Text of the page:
Danielle De Luna
Fathers are not always kind and kings are not always generous. Yet, images of fathers and kings are often used to depict the physical appearance of God in the Western world.
However, womanism offers an opportunity to explore how these depictions affect women’s relationships with religion, creator and society as a whole.
University Chaplain Zandra Wagoner and graduate student Jasmine Marchbanks-Owens used womanism to discuss religious imagery and black female identity Nov. 8 during the continuing faith and justice workshop “Black Feminism and Sacred Text.”
Reflecting on the creation story in the book of Genesis, Marchbanks-Owens and Wagoner revealed linguistic differences in descriptive imagery across Christian, Jewish and Muslim sacred texts.
Wagoner introduced the Jewish text, emphasizing its use of both masculine and feminine words to describe God in the act of creation.
“People are not changing, but restoring the text when advocating for a feminine interpretation of God or divinity,” Wagoner said. “The God described in this text is male and female, and leads one to wonder ‘Is this a more plural understanding of the Godhead?’”
The differences between various texts’ treatment of pronouns and gender are subtle but powerful, Marchbanks-Owens said.
“The first creation is also ambiguous when you analyze the text,” Wagoner said. “Adam comes from the Hebrew word adamah, which translates to earth or dust.”
Wagoner and Marchbanks-Owens said this translation is a suggestion that the first human did not have a gender.
“I think what’s interesting is that we don’t know if the original humanity was male or female,” Marchbanks-Owens said. “And I can relate to a creation made from red, brown earth. This is a black humanity, formed at the beginning.”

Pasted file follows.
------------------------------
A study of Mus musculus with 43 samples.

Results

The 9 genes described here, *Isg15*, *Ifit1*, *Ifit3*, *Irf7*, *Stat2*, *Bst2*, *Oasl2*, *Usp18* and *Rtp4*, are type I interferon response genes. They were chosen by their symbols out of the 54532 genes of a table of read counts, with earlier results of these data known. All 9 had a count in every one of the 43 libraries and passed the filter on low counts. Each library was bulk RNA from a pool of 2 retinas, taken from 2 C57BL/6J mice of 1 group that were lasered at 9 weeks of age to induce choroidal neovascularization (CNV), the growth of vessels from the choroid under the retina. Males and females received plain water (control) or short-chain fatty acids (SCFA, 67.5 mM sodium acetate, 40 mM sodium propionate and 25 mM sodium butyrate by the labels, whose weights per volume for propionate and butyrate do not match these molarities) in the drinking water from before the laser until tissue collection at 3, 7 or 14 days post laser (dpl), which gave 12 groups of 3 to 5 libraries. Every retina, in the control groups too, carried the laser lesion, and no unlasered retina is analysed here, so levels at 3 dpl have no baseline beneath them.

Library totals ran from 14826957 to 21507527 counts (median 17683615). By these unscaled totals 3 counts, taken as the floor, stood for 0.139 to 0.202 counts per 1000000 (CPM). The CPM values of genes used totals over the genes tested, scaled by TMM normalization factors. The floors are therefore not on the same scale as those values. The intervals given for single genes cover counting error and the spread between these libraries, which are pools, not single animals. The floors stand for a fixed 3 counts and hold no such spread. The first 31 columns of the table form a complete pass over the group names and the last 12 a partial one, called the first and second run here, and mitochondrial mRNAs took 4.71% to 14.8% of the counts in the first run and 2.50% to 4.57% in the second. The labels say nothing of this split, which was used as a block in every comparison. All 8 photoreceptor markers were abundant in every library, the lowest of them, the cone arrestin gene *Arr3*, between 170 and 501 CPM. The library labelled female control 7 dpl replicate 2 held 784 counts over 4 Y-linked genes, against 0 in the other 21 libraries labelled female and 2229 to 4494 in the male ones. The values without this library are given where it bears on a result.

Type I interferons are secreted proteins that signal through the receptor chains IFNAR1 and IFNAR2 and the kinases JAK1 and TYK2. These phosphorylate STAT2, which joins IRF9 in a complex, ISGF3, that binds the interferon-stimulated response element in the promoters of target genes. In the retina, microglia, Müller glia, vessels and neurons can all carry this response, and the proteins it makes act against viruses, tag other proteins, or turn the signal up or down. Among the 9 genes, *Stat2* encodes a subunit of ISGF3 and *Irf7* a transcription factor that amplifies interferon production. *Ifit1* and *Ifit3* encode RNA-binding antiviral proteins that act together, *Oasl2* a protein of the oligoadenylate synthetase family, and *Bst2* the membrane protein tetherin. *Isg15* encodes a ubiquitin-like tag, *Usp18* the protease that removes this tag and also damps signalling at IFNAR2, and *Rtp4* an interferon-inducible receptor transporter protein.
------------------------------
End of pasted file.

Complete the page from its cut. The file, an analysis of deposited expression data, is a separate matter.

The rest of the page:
Marchbanks-Owens and Wagoner prompted the five women and one man to question whether the story of the fall in Genesis has affected our society and our interactions with one another in a negative way.
“There is a lot of power by depicting God in a certain way,” Marchbanks-Owens said. “I wonder if the treatment of women or the understanding of God or our knowledge would be different if we didn’t see God as male.”
Adjunct Professor of Education Zack Ritter provided more context for Jewish tradition and other creation stories and said religion is often built around society.
“There’s this idea of God creating us in his image but it’s interesting to think about religion being socially constructed to our own image,” Ritter said.
Graduate student Kira Barros said she appreciated an interpretation of God different from what she grew up with through practicing Catholicism.
“For some people the idea of a father or a king is a more oppressive image of God,” Barros said.
“This [interpretation], to me, would be a biblical response to people who have issues with the transgender community.”
Ritter and Assistant Professor of Education Issac Carter will present perspectives from indigenous religions and cultures at the final “Black Feminism and Sacred Text” workshop Thursday.
Danielle De Luna can be reached at email@example.com.